Oil-pumping unit in the high grass prairie, 2007
Selected Poems: Fairfield
from “Montana Ranch Abandoned”
Nothing, tree or mountain, weakens
wind coming for the throat. Even wind must work
when land gets old. The rotting wagon tongue
makes fun of girls who begged to go to town.
Broken brakerods dangle in the dirt.
Hugo, Richard. Selected Poems. New York: W.W. Norton and Company, 1979.
About the Book
Hugo’s poetry depicts open landscapes, gritty towns, and the marginalized people in them. He encouraged students to “[n]ever write a poem about anything that ought to have a poem written about it.” James Dickey wrote that Hugo’s poetry “lifts us into a realm where everything is of consequence.” Selected Poemsby Richard Hugo was Humanities Montana’s One Book Montana selection for 2010.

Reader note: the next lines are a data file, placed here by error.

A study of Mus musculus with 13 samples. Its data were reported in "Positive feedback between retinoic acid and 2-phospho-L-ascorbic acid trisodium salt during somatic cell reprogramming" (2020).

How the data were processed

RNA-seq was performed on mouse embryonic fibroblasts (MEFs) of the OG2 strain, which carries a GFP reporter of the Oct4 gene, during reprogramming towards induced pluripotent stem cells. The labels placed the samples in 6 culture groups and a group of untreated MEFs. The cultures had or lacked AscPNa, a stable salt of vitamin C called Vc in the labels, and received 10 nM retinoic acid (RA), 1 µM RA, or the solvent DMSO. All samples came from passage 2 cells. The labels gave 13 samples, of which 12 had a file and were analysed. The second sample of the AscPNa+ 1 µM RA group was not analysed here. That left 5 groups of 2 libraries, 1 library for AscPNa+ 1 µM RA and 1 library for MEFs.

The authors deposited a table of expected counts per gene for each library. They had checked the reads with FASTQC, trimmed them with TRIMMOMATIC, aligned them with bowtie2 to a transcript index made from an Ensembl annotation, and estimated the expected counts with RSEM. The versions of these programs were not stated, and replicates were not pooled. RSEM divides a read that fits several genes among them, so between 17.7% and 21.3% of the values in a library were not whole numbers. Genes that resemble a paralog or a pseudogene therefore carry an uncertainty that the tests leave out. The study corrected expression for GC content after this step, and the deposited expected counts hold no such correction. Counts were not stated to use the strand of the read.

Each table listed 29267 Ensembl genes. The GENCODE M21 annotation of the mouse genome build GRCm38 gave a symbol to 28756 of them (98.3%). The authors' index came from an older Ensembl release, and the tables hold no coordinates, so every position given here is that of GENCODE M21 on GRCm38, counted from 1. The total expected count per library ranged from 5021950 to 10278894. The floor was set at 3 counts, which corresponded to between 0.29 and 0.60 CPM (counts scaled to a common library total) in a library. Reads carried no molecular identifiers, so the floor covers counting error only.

Several photos for this map were generously provided by renowned photographer Mary Randlett, and originally published in The Car That Brought You Here Still Runs: Revisiting the Northwest Towns of Richard Hugo, by Frances McCue.
While the settings in Hugo’s poems are clearly drawn from actual locales, it is understood that the poems—including the places they depict—are ultimately the product of the author’s imagination. The intent of this literary map is to enrich the reading experience by interpreting those places, not to render them literally or definitively.
About the Author
Richard Hugo was born in Washington State in 1923. He served in World War II, earned Creative Writing degrees at the University of Washington, and worked as a technical writer for Boeing. In the 1960s Hugo began a nearly two-decade career of teaching at the University of Montana, and published several volumes of poetry and prose. In 1974 he married poet Ripley Schemm.